Young people want their voices to be heard more
For three days, the 17th German Child and Youth Welfare Congress explored the views of the young generation and their families – today and looking ahead, for instance, to the consequences of COVID-19. How can politicians and civil society act now in the interests of today’s young generation and the generations to come? This was the crux of the issue discussed by experts in the field of child and youth welfare.
To round off the congress, Chancellor Angela Merkel engaged in an online discussion of this question with four young people. Angela Merkel reported that the Federal Government has developed a Youth Strategy for precisely this reason. All ministries must now consider how they can better respond to the ideas and needs of young people. It is no longer just the job of the Federal Ministry for Youth. Youth participation is an important project. “We are endeavouring to get as many young people as possible involved in our government work,” said Angela Merkel.
The government is, for instance, working towards ensuring that youth voluntary services have the funding to ensure that every young person who wants to undertake voluntary service is able to do so.
Since 1964, the Child and Youth Welfare Association has held the German Child and Youth Welfare Congress every three to four years. It addresses experts in the field of child and youth welfare, service providers, politicians and public authorities. , the first online congress was held from 18 to 20 May. Its motto was “We create future – now!” With over 270 online events and a digital exposition with about 260 exhibitors, it is the largest congress of its sort in Europe.
Young people want to be heard more clearly
The young participants in the discussion were quick to agree that they all want to see more participation. The 15-year-old Levi from Essen stressed that young people want to have a say in their own future. He proposed lowering the voting age to 16.
The Chancellor was “not so open” to this suggestion. She believes that voting rights should come with the age of majority, she explained. One factor that would support calls to lower the voting age is the demographic structure of German society, she admitted. “The preponderance of older people in society means that the voices of young people are simply not heard enough.”
By contrast, the Chancellor felt that the suggestion that young people should be represented, at least from time to time, in the “Corona Cabinet” was “a very interesting idea”, which she promised to discuss with her Cabinet colleagues.
More political education please
Another matter that was repeatedly raised by the young people was political education. Ana (aged 18) from Bavaria, complained that political education is not properly mainstreamed in the German school system. Young people need more information if they are to get involved, she said. Karolina (aged 16) from Deggendorf stressed that the information must be comprehensible and accessible. “If people do not know where to obtain information and how to get involved, participation will be difficult.“
Chancellor Angela Merkel stressed that she, like many other members of the German Bundestag, visits school classes to report on her work and answer questions. The Federal Agency for Civic Education also offers a wide range of services, but perhaps these are not reaching schools as they should.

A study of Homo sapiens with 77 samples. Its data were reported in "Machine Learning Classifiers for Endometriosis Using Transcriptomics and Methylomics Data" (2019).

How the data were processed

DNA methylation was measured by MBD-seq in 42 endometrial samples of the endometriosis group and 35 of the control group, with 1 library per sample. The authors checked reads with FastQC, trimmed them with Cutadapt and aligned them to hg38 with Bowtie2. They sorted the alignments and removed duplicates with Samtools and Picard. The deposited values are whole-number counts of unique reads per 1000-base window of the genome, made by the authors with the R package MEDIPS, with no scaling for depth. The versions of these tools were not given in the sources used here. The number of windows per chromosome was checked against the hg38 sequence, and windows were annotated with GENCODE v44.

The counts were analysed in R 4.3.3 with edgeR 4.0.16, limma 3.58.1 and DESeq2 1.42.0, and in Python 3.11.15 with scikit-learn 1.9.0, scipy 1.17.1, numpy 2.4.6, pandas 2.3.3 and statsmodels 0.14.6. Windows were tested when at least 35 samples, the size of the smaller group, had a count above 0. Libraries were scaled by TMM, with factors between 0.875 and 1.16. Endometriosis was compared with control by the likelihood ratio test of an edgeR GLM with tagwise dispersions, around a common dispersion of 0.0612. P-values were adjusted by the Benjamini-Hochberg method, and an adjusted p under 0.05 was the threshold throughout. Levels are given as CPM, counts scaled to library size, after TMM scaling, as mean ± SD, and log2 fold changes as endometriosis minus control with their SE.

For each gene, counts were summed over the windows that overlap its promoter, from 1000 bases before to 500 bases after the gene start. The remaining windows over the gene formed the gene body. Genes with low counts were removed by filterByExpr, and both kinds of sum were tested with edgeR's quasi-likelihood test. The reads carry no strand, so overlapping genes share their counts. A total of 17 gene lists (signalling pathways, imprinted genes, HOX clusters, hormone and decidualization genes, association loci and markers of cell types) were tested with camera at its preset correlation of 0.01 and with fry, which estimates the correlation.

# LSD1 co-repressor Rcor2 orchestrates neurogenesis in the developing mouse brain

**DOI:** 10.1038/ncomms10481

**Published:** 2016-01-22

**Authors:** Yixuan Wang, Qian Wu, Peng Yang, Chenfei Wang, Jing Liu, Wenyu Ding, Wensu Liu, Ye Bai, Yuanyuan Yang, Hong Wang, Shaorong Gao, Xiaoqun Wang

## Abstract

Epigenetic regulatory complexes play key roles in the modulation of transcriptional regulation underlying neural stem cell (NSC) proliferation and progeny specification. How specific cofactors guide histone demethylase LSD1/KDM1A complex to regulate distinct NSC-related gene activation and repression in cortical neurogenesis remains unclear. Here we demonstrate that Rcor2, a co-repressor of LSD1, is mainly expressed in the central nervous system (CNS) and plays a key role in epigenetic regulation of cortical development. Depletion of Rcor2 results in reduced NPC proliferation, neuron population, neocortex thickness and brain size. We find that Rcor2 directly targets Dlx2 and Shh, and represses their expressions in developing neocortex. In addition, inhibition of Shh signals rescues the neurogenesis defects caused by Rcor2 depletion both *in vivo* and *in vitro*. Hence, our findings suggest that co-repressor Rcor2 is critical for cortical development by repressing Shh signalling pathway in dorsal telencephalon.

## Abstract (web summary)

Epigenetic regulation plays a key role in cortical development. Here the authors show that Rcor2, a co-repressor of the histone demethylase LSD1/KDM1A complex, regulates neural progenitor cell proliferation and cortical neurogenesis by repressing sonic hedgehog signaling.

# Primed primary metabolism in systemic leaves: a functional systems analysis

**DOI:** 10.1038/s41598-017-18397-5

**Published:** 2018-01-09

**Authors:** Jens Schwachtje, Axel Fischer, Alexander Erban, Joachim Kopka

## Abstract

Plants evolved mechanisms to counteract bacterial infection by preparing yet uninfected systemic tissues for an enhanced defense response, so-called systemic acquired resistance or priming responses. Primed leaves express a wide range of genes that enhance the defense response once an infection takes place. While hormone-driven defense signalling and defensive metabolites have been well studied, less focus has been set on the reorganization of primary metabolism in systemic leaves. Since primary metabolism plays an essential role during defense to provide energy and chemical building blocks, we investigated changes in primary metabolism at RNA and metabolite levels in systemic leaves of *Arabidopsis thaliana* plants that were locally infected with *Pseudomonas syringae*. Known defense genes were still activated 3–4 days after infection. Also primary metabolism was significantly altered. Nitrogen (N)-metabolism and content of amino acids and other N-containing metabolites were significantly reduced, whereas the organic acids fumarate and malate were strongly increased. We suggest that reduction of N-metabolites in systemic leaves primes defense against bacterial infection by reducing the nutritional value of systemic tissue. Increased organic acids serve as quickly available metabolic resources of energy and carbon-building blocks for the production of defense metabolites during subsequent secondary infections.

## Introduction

The Chancellor saw divergences in communication channels as a reason for this. “The information channels that young people use and the channels we use at political level have diverged even more in recent years,” she said. Apparently the political level is not managing to reach young people as they had hoped in spite of embracing Facebook, Instagram, etc. For this reason, an in-depth discussion is needed to pinpoint ways of coming together.
Falling behind in the crisis
Levi also spoke about the situation over the last few months. He said young people must never again be allowed to slip into a position of secondary importance. So many things that are important to young people were scaled back. That must not happen again. If politicians stress that young people are important, then actions must follow.
The Chancellor pointed out that there have been a great many restrictions over the last few months, not only for young people. But she did stress that young people now deserve attention. The political level must ensure that they can take their school leaving certificates, that traineeships are offered, and that leisure activities are once again possible.
Chancellor Angela Merkel singled out two points in particular from the discussion that she would be working on – how to ensure better contact between the political level and young people, and the warning not to lose sight of the views of young people.
Launch event with Federal Minister for Youth Franziska Giffey
On Tuesday, the (then) Federal Minister for Youth Franziska Giffey helped open the German Child and Youth Welfare Congress. She stressed how important it is “to take children and young people seriously and to get them involved”.
Even during the pandemic they must be enabled to grow up in a safe and healthy environment. That is why the Federal Government has just adopted an action programme that aims to make good lost learning, strengthen early childhood education, and foster holiday activity programmes and extracurricular activities. It is the responsibility of adults “to give the young generation the self-confidence they need to be a strong generation,” declared Franziska Giffey.
Child and youth welfare services foster the development of children and young people and help young adults in particularly difficult situations, as well as advising and supporting parents and guardians in bringing up their children.